British government acknowledges 'urgent need' to resolve Stormont deadlock
The British government has acknowledged the deep frustration of the public in the north as it reached an unwanted milestone for non-governance.
On Tuesday the north notched up 589 days since the power-sharing executive collapsed – passing Belgium for the world's longest peacetime period without a properly functioning government.
While the north will avoid an embarrassing entry in the Guinness Book of World Records – the Stormont impasse was ruled ineligible as it only relates to a devolved administration – the day was marked by a series of public protests.
A #wedeservebetter rally planned for Belfast City Hall last night was postponed because of the Primark fire.
Earlier at Stormont, the DUP marked the milestone by unfurling a banner calling on Sinn Féin to end its "boycott" on governing.
Party leader Arlene Foster said she shared the frustration of the wider public.
"There is only one problem party and let's call it out – that's Sinn Féin," she said. "And they need to end their boycott here in Northern Ireland."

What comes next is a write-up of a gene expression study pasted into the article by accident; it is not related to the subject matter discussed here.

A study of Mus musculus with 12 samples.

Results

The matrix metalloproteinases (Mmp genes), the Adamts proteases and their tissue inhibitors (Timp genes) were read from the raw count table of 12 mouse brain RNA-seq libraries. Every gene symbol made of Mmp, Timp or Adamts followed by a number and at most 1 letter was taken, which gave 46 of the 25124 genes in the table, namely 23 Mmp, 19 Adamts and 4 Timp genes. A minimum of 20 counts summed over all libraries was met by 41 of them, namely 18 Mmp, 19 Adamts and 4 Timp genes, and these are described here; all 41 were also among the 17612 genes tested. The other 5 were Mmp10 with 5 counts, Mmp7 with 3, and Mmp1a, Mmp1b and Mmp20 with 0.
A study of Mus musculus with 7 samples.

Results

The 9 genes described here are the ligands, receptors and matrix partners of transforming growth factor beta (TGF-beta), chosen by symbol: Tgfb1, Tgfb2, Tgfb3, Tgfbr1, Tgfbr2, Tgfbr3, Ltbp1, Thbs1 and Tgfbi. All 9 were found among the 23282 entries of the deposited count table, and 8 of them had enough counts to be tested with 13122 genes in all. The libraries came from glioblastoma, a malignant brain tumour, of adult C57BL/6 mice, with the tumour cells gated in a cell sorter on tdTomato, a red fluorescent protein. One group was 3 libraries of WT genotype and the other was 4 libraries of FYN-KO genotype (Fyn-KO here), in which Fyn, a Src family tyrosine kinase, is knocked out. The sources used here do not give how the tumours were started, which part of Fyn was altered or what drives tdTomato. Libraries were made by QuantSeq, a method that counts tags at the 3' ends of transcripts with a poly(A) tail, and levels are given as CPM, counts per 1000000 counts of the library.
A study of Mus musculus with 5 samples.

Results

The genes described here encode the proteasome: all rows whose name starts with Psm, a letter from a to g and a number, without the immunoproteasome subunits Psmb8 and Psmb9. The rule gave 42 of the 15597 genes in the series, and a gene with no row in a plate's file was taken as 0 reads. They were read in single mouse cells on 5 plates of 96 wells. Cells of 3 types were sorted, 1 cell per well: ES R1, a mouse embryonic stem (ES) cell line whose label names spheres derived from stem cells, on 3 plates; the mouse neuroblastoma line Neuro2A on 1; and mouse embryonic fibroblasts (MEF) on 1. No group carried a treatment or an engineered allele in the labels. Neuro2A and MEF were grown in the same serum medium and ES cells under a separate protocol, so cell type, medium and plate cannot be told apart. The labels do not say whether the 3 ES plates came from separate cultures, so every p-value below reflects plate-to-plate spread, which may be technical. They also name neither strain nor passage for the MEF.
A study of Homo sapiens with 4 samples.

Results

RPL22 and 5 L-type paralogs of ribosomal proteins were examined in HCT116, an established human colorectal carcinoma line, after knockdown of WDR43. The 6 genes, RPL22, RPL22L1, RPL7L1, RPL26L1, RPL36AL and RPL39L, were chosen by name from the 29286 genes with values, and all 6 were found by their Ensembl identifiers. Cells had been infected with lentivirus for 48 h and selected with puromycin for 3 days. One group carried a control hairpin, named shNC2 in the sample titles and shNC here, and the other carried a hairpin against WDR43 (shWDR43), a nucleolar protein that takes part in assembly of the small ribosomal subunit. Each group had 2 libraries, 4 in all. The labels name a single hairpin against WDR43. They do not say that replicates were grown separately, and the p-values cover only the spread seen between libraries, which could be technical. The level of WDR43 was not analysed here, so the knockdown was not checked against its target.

The DUP leader said she shared the public's frustrations.
"So it's time to get back into government – long past the time to get back into government," she said.
Mrs Foster repeated her call for government to be restored while a parallel process to resolve outstanding issues is run.
Sinn Féin deputy leader Michelle O’Neill said the political institutions would only enjoy public confidence if they were based on the principles of the Good Friday Agreement.
She accused the DUP of "blockading people's rights" and said the public was "outraged at the series of financial scandals", including the botched RHI scheme.
"Sinn Féin has worked since then to restore political institutions, which deliver for all our citizens on the basis of equality and rights and bringing to an end the DUP’s financial scandals and disrespect," she said.
"We had an agreement in February which paved the way for the re-establishment of the executive, but the DUP reneged on this agreement and collapsed the political talks."
A spokeswoman for Secretary of State Karen Bradley said: "The secretary of state is acutely aware of the deep frustration and difficulties faced by the people of Northern Ireland and the urgent need to resolve the current impasse.
"She shares the firm view that the current situation cannot be allowed to continue and is working on options to ensure the good governance of Northern Ireland.
"The UK government's priority is to secure a basis for political talks and re-establish a locally elected, democratically accountable devolved government at the earliest opportunity.
"In the absence of an executive, the secretary of state continues to take the necessary decisions to protect the interests of Northern Ireland and ensure stable public finances, demonstrated by the recent Budget Act."